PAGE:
Release Date: Mar 9, 2015
Record label: Cherry Red
Everyone has an opinion on Marc Almond. Those views may be shaped by a familiarity formed from endless Tainted Loves at torturous school discos; or maybe a later thrill that came from illicit recognition of ourselves in the edgier Marc that explored the areas of our lives we often prefer to keep buried. But all too rarely has it evolved from a generous appreciation of an artist who has simply wanted to entertain for more than three decades without stagnating.
Marc Almond, one of vanguard pop's great chameleons and stylists, suggested that 2010's Variete would be his final album of original material. True to his word, his intervening records, The Tyburn Tree: Dark London and Ten Plagues: A Song Cycle, have been largely collaborative affairs that featured his voice more than his songwriting. Composer, multi-instrumentalist, and producer Chris Braide sought to change his mind about retirement.
The result of a transatlantic collaboration with longtime fan Chris Braide – songwriter/producer for Britney Spears and Beyoncé, among others – Marc Almond’s first set of original material in five years is an impressive affair. Highlights include exuberant pop songs, notably the carefree Pleasure’s Wherever You Are and When the Comet Comes, a daft but enjoyable cosmos-themed duet with Beth Ditto. But Almond is at his best on the compelling torch songs that have long been his stock in trade.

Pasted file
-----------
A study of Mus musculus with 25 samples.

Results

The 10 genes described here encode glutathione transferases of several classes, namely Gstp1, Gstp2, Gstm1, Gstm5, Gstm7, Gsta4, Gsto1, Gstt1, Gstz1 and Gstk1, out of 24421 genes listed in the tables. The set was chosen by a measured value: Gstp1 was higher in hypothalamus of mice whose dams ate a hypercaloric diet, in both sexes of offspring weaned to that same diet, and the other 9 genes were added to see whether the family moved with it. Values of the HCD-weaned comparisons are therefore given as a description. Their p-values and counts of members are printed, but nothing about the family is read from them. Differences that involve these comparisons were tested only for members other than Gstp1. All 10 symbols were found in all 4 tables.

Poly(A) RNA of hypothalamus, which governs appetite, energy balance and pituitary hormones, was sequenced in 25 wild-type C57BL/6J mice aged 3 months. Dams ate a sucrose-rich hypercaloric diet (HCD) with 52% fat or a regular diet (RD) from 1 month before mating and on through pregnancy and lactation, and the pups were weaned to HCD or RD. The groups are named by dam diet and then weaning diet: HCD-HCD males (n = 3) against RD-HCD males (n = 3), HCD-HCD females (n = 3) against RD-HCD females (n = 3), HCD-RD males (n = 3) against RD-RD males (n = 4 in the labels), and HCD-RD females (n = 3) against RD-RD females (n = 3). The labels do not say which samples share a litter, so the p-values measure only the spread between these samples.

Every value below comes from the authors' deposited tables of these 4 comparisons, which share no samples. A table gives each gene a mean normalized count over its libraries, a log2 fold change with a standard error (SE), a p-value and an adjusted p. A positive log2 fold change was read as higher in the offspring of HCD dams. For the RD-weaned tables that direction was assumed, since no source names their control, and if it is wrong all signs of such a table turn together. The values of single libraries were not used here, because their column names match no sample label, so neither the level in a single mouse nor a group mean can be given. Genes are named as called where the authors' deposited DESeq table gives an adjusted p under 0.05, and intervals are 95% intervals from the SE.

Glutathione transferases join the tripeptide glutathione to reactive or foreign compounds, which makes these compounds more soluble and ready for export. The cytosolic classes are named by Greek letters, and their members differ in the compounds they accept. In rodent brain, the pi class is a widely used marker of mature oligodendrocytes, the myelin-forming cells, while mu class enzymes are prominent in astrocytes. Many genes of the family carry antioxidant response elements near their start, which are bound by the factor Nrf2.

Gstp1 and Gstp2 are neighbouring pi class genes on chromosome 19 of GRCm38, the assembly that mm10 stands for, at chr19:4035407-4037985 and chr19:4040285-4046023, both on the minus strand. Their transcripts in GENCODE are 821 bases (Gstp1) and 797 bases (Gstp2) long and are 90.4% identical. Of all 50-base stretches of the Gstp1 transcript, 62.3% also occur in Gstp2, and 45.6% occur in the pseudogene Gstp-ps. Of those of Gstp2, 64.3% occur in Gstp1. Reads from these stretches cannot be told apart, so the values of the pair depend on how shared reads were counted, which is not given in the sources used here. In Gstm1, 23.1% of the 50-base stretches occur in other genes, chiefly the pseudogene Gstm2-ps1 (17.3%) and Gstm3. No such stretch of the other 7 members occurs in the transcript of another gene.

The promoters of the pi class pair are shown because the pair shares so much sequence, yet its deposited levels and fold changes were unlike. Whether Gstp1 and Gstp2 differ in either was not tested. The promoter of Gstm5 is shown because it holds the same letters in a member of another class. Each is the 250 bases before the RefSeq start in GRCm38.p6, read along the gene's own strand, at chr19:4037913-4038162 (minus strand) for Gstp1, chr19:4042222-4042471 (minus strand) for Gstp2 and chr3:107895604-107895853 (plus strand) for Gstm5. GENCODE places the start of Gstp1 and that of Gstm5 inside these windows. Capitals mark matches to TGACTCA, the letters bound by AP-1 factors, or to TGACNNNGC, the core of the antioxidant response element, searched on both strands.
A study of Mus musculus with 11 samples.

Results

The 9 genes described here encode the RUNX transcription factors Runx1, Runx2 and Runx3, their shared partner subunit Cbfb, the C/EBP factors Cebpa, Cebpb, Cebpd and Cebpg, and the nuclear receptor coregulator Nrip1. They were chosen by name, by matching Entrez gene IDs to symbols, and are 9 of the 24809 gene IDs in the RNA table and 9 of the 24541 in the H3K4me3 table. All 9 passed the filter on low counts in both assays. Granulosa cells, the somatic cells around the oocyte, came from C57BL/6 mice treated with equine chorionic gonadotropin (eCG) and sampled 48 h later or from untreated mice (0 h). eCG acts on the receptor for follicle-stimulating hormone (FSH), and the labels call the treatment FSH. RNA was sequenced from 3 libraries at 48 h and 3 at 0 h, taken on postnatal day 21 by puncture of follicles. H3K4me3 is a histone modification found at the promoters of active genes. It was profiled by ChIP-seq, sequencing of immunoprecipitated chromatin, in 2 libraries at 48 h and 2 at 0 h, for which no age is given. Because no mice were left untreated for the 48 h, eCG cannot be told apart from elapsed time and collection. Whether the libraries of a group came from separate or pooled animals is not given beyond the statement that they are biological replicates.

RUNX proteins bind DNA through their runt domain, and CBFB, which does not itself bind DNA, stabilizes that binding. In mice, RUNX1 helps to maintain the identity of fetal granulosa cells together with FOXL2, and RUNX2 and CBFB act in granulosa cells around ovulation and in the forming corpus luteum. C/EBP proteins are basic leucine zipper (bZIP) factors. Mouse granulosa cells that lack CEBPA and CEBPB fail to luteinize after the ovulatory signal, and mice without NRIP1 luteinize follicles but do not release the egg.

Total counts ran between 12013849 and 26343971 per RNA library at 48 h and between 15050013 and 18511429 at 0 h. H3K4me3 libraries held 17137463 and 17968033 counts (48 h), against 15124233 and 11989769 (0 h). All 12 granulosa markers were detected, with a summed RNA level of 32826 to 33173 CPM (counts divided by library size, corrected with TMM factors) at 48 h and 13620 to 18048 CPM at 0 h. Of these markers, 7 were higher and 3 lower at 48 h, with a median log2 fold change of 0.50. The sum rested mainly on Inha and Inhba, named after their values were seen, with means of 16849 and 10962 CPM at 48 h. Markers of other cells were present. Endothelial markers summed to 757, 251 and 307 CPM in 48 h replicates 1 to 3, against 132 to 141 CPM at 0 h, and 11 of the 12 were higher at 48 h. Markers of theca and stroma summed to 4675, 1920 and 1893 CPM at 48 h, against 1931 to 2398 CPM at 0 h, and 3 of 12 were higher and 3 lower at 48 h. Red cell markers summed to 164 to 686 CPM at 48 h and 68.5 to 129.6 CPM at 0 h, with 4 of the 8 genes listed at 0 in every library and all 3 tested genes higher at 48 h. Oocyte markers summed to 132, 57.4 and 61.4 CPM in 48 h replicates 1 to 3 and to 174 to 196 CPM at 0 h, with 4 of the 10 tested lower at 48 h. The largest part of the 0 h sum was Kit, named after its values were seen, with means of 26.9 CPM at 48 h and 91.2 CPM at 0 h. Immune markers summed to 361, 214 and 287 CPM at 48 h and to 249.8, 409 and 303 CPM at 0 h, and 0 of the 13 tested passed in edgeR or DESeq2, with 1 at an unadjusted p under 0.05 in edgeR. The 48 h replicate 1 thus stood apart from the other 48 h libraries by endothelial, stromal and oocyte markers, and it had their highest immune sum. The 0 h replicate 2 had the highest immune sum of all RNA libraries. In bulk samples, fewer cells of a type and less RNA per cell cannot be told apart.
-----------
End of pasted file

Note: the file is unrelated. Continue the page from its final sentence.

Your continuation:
It was songwriter and producer Chris Braide – who has worked with Lana del Rey, David Guetta, Beyoncé and Britney Spears – who urged the former Soft Cell singer to make “the ultimate Marc Almond album”. But anyone familiar with his modus operandi might say he’s always been making “the ultimate Marc Almond album”– he’s forever on the emotional outer limits, a self-created romantic star. The Velvet Trail has plenty of the Almond trademarks.
One listen to The Velvet Trail confirms the creative spirit still burns deep within Marc Almond, despite his strong hint that the Varieté album of five years ago might be the last to feature his own songwriting. Enter Chris Braide, whose music and production feature on records by Paloma Faith, Lana Del Rey and Sia. Given the prowess of those three very different female singers, it isn’t such a big step to imagine the suitability of Braide’s writing for Marc Almond’s voice – and as soon as the former Soft Cell singer saw the potential he had the words at his disposal.
The phrase “pop outsider” may at first blush seem to be a naked contradiction—after all, if “pop” is short for “popular”, one’s very status as “pop” should preclude any description as an “outsider”—yet, in describing figures such as Marc Almond, it becomes incredibly difficult to call them anything else. With a career now spanning three decades, breaking the top ten on UK pop charts both with Soft Cell and as a solo musician, Almond most certainly fits the “pop” qualifier. Still, it becomes incredibly hard to argue with his status as an outsider.